UFT members join battle to make it a reality

Members (from left) Melody Anastasiou, Stephanie Seidmen Zedner, Meghan Conway a

Members (from left) Melody Anastasiou, Stephanie Seidmen Zeidner, Meghan Conway and Jessica Jean-Marie met at UFT headquarters at Nov. 10 to help plan the campaign for paid parental leave.

Union won’t accept unfair deal

The parental leave policy the UFT is fighting for would be better and fairer than what has been offered to employees in New York State so far.

In December 2015, Mayor Bill de Blasio imposed on 20,000 nonunion managers and other city employees six weeks of paid time off for maternity, paternity, adoption and foster care leave at 100 percent of salary.

The mayor touted the order as moving New York City to the forefront nationally of city and state policies on parental leave. In September 2017, however, the city’s Independent Budget Office issued a report showing what the UFT has been telling the city at the bargaining table for the past 18 months: The managerial employees, who forfeited a 0.47 percent raise and two days of vacation time (for those employees with more than 15 years of employment), lost more than they gained under the new benefit. The IBO’s analysis showed that the policy cost the city $2.4 million in its first year, but the employee givebacks added up to $8.2 million.

Beginning in 2018, private employees in New York State will become eligible for the state’s new Paid Family Leave policy. That policy will — when fully phased in, in 2021 — provide up to 12 weeks of leave at 67 percent of the employee’s average weekly wage.

Luisa Ayala should have been thrilled to be pregnant with her second daughter in December 2016. But having given birth to her first child just over a year earlier, she found herself in a wrenching predicament.

The Department of Education’s current parental leave policy provides up to six weeks of leave, but new mothers must effectively pay for any days they take using the days in their Cumulative Absence Reserve (CAR). Because Ayala, a paraprofessional at Pelham Academy of Academics and Community Engagement in the Bronx, used up most of her CAR days after her first pregnancy and felt she couldn’t afford to go unpaid, she returned to work just 10 days after her second daughter’s birth.

Two days later, she was admitted to the hospital with a deep vein thrombosis in her left leg and a pulmonary embolism in her lungs.

“I could have lost my life and left my children without a mother,” she says of the life-threatening complication, which women are most at risk for in the six weeks after giving birth. She ended up losing another six days as she recovered — and still returned to work when her daughter was less than three weeks old.

Stories like Ayala’s are why the UFT has launched a campaign to fight for paid parental leave for UFT members. The UFT has attempted to negotiate a fair and reasonable paid parental leave policy with the city ever since Mayor Bill de Blasio in December 2015 imposed a paid parental leave program on the city’s nonunion, managerial employees. That program included givebacks from the managerial employees that the UFT will not accept for its members.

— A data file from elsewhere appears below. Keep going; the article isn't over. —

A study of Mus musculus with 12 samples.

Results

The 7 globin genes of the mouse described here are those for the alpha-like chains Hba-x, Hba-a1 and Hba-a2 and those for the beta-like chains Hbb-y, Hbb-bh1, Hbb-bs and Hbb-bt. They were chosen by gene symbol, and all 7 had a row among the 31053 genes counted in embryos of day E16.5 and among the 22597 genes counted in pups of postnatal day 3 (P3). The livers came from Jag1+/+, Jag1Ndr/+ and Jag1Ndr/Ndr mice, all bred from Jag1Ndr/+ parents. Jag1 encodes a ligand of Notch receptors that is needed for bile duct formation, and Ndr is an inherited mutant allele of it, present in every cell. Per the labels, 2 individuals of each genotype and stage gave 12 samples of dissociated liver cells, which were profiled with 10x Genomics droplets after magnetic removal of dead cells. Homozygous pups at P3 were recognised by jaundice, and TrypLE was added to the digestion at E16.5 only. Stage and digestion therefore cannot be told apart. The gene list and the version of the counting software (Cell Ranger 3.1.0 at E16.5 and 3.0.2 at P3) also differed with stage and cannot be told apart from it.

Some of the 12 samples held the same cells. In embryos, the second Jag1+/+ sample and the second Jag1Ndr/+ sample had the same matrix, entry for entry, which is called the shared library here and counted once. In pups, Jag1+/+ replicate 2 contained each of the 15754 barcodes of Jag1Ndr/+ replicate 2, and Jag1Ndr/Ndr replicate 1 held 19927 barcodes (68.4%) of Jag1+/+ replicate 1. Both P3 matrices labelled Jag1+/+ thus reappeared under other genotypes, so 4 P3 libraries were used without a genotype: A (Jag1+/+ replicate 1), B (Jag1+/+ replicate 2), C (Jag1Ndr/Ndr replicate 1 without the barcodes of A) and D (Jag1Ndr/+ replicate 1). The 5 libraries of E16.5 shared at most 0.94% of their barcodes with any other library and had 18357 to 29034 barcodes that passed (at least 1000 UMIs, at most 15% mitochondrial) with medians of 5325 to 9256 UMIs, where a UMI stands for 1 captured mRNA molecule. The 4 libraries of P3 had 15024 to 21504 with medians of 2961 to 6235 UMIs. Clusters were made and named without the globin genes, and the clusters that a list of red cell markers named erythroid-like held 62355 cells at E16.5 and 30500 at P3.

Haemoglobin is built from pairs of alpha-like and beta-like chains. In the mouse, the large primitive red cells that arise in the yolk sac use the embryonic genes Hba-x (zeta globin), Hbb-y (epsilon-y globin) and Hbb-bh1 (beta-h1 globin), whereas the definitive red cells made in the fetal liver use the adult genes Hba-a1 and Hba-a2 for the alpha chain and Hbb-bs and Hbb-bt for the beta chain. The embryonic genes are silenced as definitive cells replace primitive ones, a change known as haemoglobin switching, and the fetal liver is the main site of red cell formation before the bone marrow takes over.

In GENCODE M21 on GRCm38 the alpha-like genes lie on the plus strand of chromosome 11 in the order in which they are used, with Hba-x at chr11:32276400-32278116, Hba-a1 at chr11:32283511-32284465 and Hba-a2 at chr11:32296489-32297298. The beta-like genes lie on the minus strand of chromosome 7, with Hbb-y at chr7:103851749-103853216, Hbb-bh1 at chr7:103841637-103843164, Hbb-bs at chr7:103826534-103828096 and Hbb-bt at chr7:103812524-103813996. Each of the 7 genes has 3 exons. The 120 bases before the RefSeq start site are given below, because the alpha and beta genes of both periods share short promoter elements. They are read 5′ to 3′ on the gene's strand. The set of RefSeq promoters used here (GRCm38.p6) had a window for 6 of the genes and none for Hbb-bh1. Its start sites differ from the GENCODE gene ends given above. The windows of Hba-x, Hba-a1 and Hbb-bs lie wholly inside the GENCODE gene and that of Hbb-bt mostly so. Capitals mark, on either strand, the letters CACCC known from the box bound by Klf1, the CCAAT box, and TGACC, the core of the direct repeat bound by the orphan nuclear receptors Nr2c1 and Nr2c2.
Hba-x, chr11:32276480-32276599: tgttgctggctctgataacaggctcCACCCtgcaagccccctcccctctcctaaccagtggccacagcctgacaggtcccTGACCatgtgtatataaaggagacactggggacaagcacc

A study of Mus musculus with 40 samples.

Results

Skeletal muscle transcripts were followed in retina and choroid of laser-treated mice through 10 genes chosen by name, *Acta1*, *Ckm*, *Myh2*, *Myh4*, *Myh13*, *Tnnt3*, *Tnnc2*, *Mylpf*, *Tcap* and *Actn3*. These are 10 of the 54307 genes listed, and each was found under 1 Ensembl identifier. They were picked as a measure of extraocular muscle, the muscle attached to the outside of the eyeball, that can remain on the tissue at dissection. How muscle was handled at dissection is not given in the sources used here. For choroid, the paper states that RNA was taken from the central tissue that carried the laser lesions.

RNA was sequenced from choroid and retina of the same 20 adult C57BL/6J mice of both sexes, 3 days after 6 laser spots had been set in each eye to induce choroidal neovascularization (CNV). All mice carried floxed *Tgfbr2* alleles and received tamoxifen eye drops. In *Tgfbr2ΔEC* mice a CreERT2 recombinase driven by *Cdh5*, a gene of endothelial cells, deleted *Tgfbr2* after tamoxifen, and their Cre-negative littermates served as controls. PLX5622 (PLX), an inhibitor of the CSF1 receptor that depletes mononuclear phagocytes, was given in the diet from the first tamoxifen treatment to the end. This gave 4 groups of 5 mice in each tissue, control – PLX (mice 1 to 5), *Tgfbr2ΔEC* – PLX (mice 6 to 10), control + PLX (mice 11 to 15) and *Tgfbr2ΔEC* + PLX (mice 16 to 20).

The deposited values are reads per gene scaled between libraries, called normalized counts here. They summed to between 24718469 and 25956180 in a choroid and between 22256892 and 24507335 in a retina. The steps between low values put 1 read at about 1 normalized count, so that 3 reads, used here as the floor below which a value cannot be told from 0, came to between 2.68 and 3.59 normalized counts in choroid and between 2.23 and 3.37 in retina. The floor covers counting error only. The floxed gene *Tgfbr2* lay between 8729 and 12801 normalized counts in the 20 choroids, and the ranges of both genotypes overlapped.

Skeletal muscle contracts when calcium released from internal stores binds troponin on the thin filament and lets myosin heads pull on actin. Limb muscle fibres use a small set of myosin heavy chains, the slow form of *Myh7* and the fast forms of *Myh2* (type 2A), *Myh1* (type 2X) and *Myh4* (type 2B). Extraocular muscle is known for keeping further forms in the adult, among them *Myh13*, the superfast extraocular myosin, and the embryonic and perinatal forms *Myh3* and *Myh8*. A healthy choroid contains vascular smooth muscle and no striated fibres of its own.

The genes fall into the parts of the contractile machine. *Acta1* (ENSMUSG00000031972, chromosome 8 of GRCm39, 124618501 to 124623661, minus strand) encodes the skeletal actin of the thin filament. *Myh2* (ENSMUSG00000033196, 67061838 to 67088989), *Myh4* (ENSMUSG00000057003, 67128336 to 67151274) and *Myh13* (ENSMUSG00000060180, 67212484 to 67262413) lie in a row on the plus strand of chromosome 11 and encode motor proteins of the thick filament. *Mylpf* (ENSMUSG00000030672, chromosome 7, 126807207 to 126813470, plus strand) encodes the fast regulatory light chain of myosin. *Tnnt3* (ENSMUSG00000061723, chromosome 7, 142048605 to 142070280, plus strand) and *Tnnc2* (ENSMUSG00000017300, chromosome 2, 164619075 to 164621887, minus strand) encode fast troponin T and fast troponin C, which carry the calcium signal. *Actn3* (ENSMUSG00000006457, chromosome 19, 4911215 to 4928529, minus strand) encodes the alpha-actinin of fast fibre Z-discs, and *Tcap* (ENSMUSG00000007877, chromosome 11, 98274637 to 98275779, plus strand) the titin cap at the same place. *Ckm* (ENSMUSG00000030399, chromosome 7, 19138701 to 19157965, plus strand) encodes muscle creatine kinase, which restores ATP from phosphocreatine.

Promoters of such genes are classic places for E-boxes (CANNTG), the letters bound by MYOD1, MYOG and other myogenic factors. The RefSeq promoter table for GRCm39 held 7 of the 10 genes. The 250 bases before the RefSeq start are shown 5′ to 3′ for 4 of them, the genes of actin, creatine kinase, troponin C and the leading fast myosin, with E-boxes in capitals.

When Emily James, a teacher at Brooklyn Preparatory HS, introduced a petition calling on UFT members to fight for paid parental leave, it garnered 80,000 signatures in just a few months.

“Having a baby is not a sickness,” James says of the city’s current policy. “Borrowed time [for maternity leave] is a loan that many women are never able to pay back.”

Thousands of UFT members have already signed up to be part of the campaign urging the city to provide paid parental leave. Many of them shared stories of being forced to return to work just days or weeks after giving birth because of financial considerations that would not allow them to take a longer, unpaid leave.

“Having to go back to work after six weeks so I could support my family was the toughest part of having a child,” says Dana Reed, a teacher at PS 139 in Rego Park, Queens. “After having to use all of my days and being left with nothing, my fear now is that I won’t be there for my child if she is sick.”

Reed observed the irony of her situation. “I’ve been a special education teacher and have treated these children as my own, and now that I have my own child I’m forced to choose work over her,” she said.

The UFT is pushing at the bargaining table for a parental leave policy that covers adoptions, foster care and fathers as well. Under the current policy, fathers are allowed to take just three personal days before their pay is docked.

After many years of saving and a devastating miscarriage, Eric Rubin-Perez, a school counselor at the John F. Kennedy Jr. School in Elmhurst, Queens, and his husband were thrilled to welcome their first child via a gestational surrogate in the fall of 2013.

“I had over 60 days in my CAR, so it never occurred to me that taking some time would be an issue,” says Rubin-Perez. “My husband, who is a school psychologist on Long Island, got six weeks of paid leave.”

Jenna Liverani, a teacher at IS 125 in Woodside, Queens, had accumulated nearly 70 CAR days after 12 years of teaching. After having an emergency cesarean section on Sept. 9 and taking eight weeks of leave, her CAR has diminished by more than half.

For Liverani, such a loss of sick days is fundamentally unfair to a workforce that is nearly 80 percent female.

“It’s like being punished,” she said, “for having a baby.”